05/08/2013 11:17 PM ET
Garcia progresses, begins throwing from mound
By Bill Ladson / MLB.com
WASHINGTON -- Right-hander Christian Garcia, who is on the disabled list because of a right forearm strain, is throwing from the mound, according to manager Davey Johnson. Garcia, the Nats' No. 15 prospect, is able to throw his fastball and changeup.
On Thursday, Garcia will start throwing curveballs. After he does that, Garcia will start throwing to hitters in batting practice and then pitch in a Minor League game, most likely with Triple-A Syracuse. No timetable has been given on when Garcia will pitch in a Minor League game.
Garcia didn't pitch in a Grapefruit League game after feeling pain in his forearm during the team's first workout in February. He felt the cold weather played a role in his discomfort.
As of now, it's not known if Garcia will be a starter or reliever. Johnson, who prefers Garcia to be a starter, said it depends what the Nationals need by the time he is healthy and back on the mound.
Nats glad Happ is OK, mixed about protection
WASHINGTON -- The Nationals were saddened after learning that Blue Jays left-hander J.A. Happ was hit in the head by a line drive off the bat of Rays outfielder Desmond Jennings on Tuesday. Happ was released from the hospital Wednesday, which pleased the Nationals.
"It's scary. You hope it doesn't happen to you. It's kind of one of those things. Hopefully, he is all right. We'll be praying for him," reliever Craig Stammen said
But the question remains: Should a pitcher start wearing protective head gear while throwing on the mound? The reaction was mixed.
As a member of the Braves, manager Davey Johnson remembers when Mets left-hander Jon Matlack was hit in the face by a line drive off the bat of Marty Perez in 1973 and the ball bounced into the Mets' dugout. Matlack was back on the mound in a couple of weeks. Johnson thinks a pitcher doesn't need protection to protect the head area.
"You just have to pay attention. Pitchers, first-base coach, third-base coach, it's not what kind of gear you have on, you have to react," Johnson said. "I think they overdid it with armor around the hitters, and they cut that way back."
Said right-hander Stephen Strasburg: "The game has been around a long time. It's tough to say. I won't want to wear a helmet. There are too many moving parts, and you are up there trying to throw a pitch and command it and stuff. It's not like I grew up wearing one. I don't want anything to throw me off. … If there is something they can do and make it feel like a hat and they give you some sort of padding, fine. But as far as wearing anything like a baseball helmet, that's too much. I can't imagine pitching in a batting helmet."
Stammen is not sure what should be done. He said if the league would come up with something, he would be all for it.
"If they could come up with a creative, lightweight [cap] to keep us safe, I'm all for that. But I don't think I've seen the alternative that has been proven to be safe and efficient," Stammen said. "It would be tough to pitch if you have a huge helmet on."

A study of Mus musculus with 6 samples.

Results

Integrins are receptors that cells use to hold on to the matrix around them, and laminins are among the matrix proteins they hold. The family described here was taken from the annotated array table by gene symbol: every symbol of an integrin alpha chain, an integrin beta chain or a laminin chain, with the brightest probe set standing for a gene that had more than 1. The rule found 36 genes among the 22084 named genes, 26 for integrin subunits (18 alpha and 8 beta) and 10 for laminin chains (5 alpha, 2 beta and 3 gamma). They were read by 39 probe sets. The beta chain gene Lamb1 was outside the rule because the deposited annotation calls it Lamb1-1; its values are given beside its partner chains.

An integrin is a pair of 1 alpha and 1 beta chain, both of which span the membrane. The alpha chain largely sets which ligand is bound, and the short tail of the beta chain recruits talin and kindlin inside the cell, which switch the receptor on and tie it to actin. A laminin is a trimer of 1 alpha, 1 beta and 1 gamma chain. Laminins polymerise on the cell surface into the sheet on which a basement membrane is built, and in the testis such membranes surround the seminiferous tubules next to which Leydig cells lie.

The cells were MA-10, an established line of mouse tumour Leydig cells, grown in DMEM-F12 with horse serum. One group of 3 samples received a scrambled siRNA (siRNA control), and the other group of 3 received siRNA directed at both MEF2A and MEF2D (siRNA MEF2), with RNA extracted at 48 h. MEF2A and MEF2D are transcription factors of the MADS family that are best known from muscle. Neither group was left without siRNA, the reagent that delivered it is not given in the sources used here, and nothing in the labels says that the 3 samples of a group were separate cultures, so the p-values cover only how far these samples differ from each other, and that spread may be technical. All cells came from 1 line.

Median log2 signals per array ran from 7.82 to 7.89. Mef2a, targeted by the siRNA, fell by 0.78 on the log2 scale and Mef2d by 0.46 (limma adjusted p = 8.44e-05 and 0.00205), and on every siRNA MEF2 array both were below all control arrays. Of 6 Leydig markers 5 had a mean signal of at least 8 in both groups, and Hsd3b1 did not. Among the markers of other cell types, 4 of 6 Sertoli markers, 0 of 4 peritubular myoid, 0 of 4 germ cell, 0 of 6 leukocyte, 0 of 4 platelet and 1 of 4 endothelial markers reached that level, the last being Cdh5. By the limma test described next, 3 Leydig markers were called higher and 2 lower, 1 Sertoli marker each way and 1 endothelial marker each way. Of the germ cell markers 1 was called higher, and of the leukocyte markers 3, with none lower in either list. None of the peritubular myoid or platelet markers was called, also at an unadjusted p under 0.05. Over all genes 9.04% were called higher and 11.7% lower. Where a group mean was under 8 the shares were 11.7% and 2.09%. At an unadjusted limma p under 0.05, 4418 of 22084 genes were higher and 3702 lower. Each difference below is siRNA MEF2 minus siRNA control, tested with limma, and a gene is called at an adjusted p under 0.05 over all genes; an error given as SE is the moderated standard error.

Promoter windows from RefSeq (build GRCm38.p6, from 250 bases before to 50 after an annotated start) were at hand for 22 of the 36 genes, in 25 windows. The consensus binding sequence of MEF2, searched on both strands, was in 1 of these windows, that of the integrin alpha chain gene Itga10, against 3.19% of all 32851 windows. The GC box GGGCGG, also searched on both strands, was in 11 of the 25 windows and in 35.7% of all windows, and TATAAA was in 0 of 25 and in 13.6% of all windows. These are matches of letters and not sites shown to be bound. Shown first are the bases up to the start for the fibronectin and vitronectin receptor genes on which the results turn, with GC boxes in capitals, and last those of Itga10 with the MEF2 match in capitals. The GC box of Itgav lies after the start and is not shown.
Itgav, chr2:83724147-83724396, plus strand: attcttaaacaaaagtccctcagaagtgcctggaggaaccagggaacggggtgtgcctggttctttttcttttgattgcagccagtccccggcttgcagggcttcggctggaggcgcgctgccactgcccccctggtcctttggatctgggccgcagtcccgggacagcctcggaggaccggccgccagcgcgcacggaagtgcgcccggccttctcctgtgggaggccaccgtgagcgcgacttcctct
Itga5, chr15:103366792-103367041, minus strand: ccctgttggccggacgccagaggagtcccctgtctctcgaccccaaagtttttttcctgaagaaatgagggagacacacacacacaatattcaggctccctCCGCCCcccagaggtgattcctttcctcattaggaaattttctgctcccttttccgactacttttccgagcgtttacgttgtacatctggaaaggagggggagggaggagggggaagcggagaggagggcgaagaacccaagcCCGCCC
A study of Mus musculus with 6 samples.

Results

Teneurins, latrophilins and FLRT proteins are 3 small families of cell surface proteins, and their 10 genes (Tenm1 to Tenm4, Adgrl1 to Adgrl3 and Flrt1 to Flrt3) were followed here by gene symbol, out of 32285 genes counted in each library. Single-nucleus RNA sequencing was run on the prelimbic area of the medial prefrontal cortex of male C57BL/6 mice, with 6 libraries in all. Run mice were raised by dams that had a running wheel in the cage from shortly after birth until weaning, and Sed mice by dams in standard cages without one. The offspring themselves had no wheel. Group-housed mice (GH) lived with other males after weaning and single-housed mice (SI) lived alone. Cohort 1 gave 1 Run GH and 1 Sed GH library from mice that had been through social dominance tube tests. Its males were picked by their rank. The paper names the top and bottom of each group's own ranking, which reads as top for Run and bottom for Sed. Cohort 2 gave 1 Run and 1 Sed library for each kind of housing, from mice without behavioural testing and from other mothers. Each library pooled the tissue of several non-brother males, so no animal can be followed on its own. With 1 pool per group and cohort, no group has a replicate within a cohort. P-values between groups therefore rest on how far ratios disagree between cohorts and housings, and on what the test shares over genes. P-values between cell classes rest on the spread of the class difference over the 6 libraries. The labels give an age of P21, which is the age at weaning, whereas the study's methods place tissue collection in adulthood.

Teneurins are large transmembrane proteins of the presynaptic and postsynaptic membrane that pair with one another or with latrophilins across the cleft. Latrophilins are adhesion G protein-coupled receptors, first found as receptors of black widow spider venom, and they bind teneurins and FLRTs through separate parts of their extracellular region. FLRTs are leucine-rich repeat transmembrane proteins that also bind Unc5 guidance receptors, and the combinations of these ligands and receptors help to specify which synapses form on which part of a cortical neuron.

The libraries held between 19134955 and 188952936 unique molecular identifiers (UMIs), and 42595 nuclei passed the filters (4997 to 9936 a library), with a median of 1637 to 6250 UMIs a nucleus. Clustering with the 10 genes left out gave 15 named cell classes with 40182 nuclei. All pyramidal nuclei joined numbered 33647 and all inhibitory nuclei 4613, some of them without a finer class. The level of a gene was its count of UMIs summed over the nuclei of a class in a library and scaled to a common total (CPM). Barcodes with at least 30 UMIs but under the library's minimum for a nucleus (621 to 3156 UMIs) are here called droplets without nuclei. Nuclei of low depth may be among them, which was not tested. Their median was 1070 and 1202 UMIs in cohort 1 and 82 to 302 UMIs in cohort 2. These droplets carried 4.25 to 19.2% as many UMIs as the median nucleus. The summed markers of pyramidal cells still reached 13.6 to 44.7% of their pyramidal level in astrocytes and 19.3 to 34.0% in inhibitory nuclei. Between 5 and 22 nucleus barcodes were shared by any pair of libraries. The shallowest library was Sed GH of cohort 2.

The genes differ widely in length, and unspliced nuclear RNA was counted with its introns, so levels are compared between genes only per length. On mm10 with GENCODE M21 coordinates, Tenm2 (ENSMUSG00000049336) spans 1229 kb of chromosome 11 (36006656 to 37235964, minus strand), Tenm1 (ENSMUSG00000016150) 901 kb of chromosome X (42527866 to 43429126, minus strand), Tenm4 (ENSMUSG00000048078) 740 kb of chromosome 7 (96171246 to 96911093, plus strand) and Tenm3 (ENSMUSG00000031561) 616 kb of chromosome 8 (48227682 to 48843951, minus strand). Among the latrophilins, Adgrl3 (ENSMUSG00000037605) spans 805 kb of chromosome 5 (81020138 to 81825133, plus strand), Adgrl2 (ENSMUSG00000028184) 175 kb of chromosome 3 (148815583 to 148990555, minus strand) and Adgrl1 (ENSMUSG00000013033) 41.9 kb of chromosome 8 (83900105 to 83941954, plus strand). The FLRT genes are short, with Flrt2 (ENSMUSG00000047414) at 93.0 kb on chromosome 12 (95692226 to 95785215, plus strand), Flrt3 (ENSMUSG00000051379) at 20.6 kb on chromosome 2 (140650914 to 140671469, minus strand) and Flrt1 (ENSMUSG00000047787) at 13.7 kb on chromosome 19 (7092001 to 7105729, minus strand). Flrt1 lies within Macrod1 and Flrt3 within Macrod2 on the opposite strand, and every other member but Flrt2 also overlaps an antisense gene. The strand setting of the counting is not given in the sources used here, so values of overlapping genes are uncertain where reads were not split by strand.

Werth remains out of lineup due to hamstring
WASHINGTON -- Nationals manager Davey Johnson was hoping right fielder Jayson Werth would be back in the lineup on Wednesday, but Werth wasn't able to play because of right hamstring tightness.
Werth figures to be out of the lineup for the fifth straight game on Thursday, when he will have an MRI done on his ailing hamstring. Johnson said a stomach virus has left Werth dehydrated and contributed to the muscle tightening.
Werth was able to work out before Wednesday's game against the Tigers. But after he finished, Werth suffered "a spasm" in the hamstring, according to Johnson
"[Werth] came in early and he still ... has a little pull or something. With the rain and stuff, he is not going to be in the lineup," Johnson said before the game. "I would like to have him in the lineup, but I want to be on the safe side."
Werth hurt the hamstring and his left ankle on April 29 against the Braves. He played last Thursday in Atlanta, but was taken out after the fourth inning.
Nats announce ticket policy for Tuesday's rainout
WASHINGTON -- The Nationals announced Wednesday that all fans who purchased tickets for Tuesday night's postponed game against the Tigers will be guaranteed their same seats for Thursday's scheduled 4:05 p.m. ET makeup game, or will retain the option to exchange their tickets for any remaining regular or value home game during the 2013 season, subject to availability.
Due to increased attendance at Nationals Park, "rain check" ticketholders are encouraged to contact the Nationals' ticket office online or by phone to better ensure seating for those games.
Exchanged tickets will be issued from available inventory in the closest pricing category of equal or lesser value to the original seats.
For more information on exchanging tickets purchased through nationals.com or the Nationals' telephone charge line, fans can call 888.632.NATS (6287).
• Hitting coach Rick Eckstein's wife, Caroline, gave birth to a baby girl, Isabel Loring Eckstein, on Wednesday. Both mother and daughter are doing fine.
Bill Ladson is a reporter for MLB.com and writes an MLBlog, All Nats All the time. He also could be found on Twitter @WashingNats. This story was not subject to the approval of Major League Baseball or its clubs.